Friday, June 27, 2014

Why Modi needs our help too

 
The following article has been written for Niti Central. Pasting it here for reference:
 
From the afternoon of May 16, there has been a continuous stream of articles telling us what Narendra Modi ‘must’ do. The barrage of articles continue till date, most of them telling us what Narendra Modi’s top most priority ‘should’ be. These ‘must’ and ‘should’ advice varied from withdrawing security cover to Robert Vadra to ushering in massive structural reforms in the governance system. I have no doubt in my mind that most of this advice is well-meaning. It also reflects the stringent and demanding nature of citizens and, in some cases, exposes the extremely low patience levels we possess.
 
I have been wondering though, what ‘should’ we, the citizens, do to contribute to this mission? What ‘must’ we do so that we get the sense of having contributed to the betterment of the country? A few points that Modi made in recent speeches provided an answer.
 
Towards a clean and healthy India
In his reply to the motion of thanks to the President’s speech, Modi has given a hint for the same. He asked us why we can’t strive to make our country a cleaner place by 2019 as a tribute to Mahatma Gandhi. This is a subtle yet important mission.
 
For whatever reasons, hygiene awareness among us is very low. Most images of India, when shown on Western media, comprise of our dirty streets, garbage-strewn rivers etc. Worse, some of us even take pride in spitting on roads, littering footpaths (wherever they are available), relieving ourselves on walls etc. For the Government of India to realise its mission of a clean and healthy India, the simple thing we can do is to simply not do these things. We must strive to become examples to follow, by resisting any temptation to litter, spit and relieve ourselves in public. And then if time permits and you have the inclination, efforts must be made to spread awareness about the same (like organising health camps in slum/rural areas, chalking out innovative ‘walk to work’ programs to increase awareness etc). Hygiene in public places is a huge differentiator between developed and developing countries. If our surroundings are not inviting enough for tourists, there is no way we can aim to become a ‘developed’ country.
 
This is not to say the onus is entirely on us as individuals. The dream of a clean and healthy India cannot be achieved without people in rural areas realising the importance of healthy lifestyle. The onus of creating awareness and ensuring implementation in these areas lies largely on the State and Central Governments. Any added benefit that we individual can contribute is a bonus.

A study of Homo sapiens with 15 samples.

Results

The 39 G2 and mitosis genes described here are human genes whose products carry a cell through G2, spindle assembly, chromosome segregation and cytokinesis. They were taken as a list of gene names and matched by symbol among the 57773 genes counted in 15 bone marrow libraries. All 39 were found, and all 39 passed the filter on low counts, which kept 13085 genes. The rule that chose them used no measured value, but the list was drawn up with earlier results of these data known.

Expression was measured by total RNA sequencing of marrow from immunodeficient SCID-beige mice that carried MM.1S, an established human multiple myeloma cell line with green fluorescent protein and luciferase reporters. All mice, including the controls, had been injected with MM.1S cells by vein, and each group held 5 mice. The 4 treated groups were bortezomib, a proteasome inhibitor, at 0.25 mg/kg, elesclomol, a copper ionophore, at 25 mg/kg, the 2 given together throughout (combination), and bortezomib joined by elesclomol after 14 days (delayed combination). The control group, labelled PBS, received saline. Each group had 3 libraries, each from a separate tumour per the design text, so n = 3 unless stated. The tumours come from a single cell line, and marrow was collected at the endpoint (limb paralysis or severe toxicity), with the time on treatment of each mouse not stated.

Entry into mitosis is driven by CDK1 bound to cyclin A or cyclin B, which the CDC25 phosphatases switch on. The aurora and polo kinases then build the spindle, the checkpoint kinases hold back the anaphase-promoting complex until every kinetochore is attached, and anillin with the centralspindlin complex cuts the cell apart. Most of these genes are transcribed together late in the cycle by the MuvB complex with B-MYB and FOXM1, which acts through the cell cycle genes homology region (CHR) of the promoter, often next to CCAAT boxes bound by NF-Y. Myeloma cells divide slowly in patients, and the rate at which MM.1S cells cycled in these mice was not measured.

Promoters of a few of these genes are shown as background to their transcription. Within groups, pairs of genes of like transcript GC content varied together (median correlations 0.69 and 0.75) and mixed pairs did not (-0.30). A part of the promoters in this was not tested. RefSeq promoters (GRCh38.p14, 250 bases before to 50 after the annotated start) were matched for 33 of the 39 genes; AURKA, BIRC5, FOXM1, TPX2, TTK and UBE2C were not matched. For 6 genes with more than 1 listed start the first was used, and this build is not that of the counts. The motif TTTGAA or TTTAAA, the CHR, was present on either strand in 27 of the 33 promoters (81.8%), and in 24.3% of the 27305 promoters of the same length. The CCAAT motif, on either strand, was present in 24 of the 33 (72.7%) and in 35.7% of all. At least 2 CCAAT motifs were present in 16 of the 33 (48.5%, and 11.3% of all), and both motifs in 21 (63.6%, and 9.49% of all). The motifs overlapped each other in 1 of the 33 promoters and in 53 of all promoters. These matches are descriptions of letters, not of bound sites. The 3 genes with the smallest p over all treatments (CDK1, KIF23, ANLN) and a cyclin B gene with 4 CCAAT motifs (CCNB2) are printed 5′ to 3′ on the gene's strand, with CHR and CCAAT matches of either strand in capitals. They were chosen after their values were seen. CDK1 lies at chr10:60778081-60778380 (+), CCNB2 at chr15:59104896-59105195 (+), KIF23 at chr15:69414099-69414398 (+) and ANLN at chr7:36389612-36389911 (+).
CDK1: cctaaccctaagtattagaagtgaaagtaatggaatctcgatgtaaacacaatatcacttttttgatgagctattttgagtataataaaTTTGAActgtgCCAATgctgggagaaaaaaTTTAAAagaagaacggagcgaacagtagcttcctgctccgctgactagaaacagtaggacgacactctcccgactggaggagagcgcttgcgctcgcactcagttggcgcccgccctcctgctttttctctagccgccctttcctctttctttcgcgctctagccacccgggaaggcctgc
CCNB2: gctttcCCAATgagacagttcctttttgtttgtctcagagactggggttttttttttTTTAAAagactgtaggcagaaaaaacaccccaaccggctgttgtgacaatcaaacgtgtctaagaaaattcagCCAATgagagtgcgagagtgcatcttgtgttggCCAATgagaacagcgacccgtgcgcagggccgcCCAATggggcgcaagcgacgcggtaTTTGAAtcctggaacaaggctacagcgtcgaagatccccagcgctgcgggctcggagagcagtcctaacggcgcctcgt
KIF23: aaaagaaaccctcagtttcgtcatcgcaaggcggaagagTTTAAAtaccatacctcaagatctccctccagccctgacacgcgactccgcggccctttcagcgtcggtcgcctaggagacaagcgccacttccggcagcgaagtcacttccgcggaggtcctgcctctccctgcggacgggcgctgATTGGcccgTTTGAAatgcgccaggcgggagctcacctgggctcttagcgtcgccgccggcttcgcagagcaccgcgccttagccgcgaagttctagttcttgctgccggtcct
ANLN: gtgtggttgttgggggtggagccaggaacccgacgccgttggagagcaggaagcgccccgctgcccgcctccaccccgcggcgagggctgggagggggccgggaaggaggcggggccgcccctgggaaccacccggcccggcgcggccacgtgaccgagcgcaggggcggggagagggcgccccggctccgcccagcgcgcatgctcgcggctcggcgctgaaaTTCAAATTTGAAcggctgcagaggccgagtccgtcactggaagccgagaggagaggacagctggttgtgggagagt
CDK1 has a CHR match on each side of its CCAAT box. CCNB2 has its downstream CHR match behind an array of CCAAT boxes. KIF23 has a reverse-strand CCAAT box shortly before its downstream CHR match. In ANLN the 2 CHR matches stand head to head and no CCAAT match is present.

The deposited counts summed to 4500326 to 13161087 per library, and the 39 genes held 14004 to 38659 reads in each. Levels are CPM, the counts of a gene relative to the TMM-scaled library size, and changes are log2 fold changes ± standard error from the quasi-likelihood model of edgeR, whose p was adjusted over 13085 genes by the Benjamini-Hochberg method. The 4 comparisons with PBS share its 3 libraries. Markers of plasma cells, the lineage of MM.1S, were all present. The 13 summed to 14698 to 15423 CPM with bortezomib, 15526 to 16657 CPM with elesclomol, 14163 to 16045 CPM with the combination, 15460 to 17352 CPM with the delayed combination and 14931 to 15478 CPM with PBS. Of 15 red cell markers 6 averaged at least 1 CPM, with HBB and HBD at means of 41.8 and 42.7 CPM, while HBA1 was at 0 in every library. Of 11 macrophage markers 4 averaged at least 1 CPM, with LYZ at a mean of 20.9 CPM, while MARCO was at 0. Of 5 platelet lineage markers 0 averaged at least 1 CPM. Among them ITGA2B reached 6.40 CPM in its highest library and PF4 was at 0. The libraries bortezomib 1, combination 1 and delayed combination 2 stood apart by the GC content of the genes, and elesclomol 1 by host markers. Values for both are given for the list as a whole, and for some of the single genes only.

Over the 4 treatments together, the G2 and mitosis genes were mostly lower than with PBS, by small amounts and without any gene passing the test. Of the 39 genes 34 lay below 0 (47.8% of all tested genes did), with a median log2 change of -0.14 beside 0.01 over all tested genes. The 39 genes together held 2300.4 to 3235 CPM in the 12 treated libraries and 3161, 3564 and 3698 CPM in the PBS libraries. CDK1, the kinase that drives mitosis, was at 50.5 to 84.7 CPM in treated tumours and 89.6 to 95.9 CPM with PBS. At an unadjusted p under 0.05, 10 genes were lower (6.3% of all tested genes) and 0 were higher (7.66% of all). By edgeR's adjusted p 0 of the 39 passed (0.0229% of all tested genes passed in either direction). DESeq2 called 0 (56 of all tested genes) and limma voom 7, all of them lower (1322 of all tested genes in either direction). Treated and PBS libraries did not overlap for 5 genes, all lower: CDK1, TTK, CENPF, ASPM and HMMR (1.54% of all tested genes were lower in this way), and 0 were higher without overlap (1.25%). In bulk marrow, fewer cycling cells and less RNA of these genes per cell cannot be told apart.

Discipline on the roads
 
Narendra Modi made one more point during the run-up to the election. Answering a question on how simple co-operation by citizens would increase efficiency in the Government system. Governments could use traffic policemen in a better manner if people follow traffic signals. How true! Why should two to four traffic policemen man junctions that have fully functional traffic lights? It is because of irresponsible behaviour of motorists and drivers that this situation has arisen. Why can’t we follow something as simple as a traffic light?
 
Most of us are educated enough to understand the difference between right and wrong. At the maximum, one needs to wait for 3-4 minutes at a traffic signal. Except under rare conditions, those willing to jump the signals have no pressing work that they can’t delay for 3-4 minutes. This rashness increases the responsibility on traffic police to ensure they man signals too — what a waste of precious human resource!
 
Contributing to informed discourse
 
As we have seen, informed discourse in our media is a rarity. Inane and irrelevant topics dominate the discourse on TV. Some of us fall prey to silly misinterpretations and arrive at quick conclusions. The onus is on us to improve this quality. Falling prey to the media discourse and wanting to follow their model will spell doom. It is our responsibility to contribute to a genuine fact-based debate — every issue need not be looked at from an emotional angle.
 
Narendra Modi was hugely successful in shaping the discourse before the elections. Social media played a pivotal role in shaping this discourse — we have seen the fruits of this effort. Now is the time to strengthen this performance. This can only be done if our focus remains on facts rather than rhetoric.
 
The purpose of this article is not to belittle the suggestions pouring in regarding what Modi must do. But I believe he cannot be successful without our help. I only intended to explore ways of helping him achieve a better India.